Tag, You’re It: Some New Information on SEO Best Practices

SEO best practicesEveryone in SEO-land understands the most basic elements that are key to any optimization campaign, but Danny Dover at SEOmoz has some new insights on the old standards. Based on their own field research and the rankings correlation report developed by their team, he’s offered up some juicy nuggets that should be of interest to anyone in the search marketing field.

Title Tag Format

SEOmoz Best Practice:

Primary Keyword – Secondary Keywords | Brand
Or
Brand Name | Primary Keyword and Secondary Keywords

Reasoning:

According to their first round of intensive search engine ranking factors correlation testing, it was clear to SEOmoz that if you are trying to rank for a very competitive term, it is best to include the keyword at the beginning of the title tag. If your brand can make a difference in CTR and your terms are less competitive, it is best to put the brand name first.

My Stance:

I agree with the above formats and implement them on an individual client basis. If my client’s company has a well-known name that people would search for, then the second format works best. However, the majority of my clients are searched for by targeted keywords, in which case I use the first format.

H1 Tags

SEOmoz Best Practice:

H1s are important for users but now less so for Search Engines.

Reasoning:

SEOmoz correlation data shows that H1 tags do not carry the same ranking weight that had been originally presumed. The importance of this tag seems to be in establishing information hierarchy and helping with algorithmically determined semantics, not in search engine optimization.

In August 2008, Michael Martin had a conversation with Google’s Matt Cutts at SMX Advanced and he indicated that Google doesn’t weigh the H1 tag any heavier than an H2 or H4, but it shouldn’t be used more than once.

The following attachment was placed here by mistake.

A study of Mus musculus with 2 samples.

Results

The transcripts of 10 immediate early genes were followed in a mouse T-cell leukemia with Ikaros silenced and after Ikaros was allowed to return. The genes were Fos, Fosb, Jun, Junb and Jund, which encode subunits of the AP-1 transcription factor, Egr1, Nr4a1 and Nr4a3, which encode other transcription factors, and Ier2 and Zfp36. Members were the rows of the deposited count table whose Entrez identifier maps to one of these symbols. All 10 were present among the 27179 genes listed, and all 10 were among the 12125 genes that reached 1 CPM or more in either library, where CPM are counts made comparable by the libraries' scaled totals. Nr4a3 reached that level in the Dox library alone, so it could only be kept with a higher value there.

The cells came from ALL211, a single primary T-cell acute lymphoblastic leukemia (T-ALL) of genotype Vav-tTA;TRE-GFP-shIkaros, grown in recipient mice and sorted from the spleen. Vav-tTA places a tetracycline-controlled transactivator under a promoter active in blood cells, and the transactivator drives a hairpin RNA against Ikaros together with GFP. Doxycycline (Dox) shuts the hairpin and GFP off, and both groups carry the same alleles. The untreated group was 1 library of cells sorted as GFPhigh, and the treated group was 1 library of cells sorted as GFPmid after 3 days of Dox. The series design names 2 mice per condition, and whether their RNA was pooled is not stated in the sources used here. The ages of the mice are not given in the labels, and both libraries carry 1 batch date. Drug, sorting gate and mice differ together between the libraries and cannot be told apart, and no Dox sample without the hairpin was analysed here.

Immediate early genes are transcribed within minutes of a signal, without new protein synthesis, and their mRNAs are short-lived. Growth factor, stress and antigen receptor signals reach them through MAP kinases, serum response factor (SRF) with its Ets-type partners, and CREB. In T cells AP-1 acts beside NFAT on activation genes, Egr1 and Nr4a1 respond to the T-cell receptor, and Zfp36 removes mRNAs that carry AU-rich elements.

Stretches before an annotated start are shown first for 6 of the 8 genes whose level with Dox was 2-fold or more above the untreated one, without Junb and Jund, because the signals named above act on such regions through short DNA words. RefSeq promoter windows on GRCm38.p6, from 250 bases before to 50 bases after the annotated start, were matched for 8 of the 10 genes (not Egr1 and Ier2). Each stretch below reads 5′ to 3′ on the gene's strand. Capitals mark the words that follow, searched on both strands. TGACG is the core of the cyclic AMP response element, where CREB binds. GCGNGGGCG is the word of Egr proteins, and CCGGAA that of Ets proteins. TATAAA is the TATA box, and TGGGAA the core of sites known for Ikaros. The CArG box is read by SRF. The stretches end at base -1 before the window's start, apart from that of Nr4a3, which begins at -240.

My Stance:

It is (and currently continues to be) my practice to use a variation of the primary and secondary keywords in the H1. This SEOmoz finding has piqued my interest, however, and I’ll be doing my own internal testing on the H1’s ranking weight.

Meta Keywords Tag

SEOmoz Best Practice:

Contrary to what SEOMoz recommended in the past, they now find this tag useful in ranking for Yahoo.

Reasoning:

Initially SEOmoz did not recommend using a meta keywords tag at all due to the abuse it suffered in the early days of the internet; they thought these tags were not used by the modern search engines. After running some very preliminary tests at the prompting of DJ Paisley it was noted that Yahoo does indeed use this tag for ranking although it is a minor factor. However, it is their stance that Google and Bing ignore this tag and it doesn’t affect their rankings.

My Stance:

I always include the keywords tag as part of my client’s overall organic search strategy. I use roughly 3-5 targeted and appropriate keywords from my keyword research that are page-specific. While it may only be providing a positive effect with Yahoo, the tag has never shown me to work against a page’s rank in any of the search engines.

Takeaways:

The landscape of SEO is ever-changing and it’s always crucial to look out for new research, even on the old standbys. Staying on top of search engine news and constantly tweaking and reworking my organic search strategies is the name of the game for me. It’s absolutely beneficial for everyone with a website to test theories, see what’s working for you (or against you) in the rankings, and most importantly, keep trying.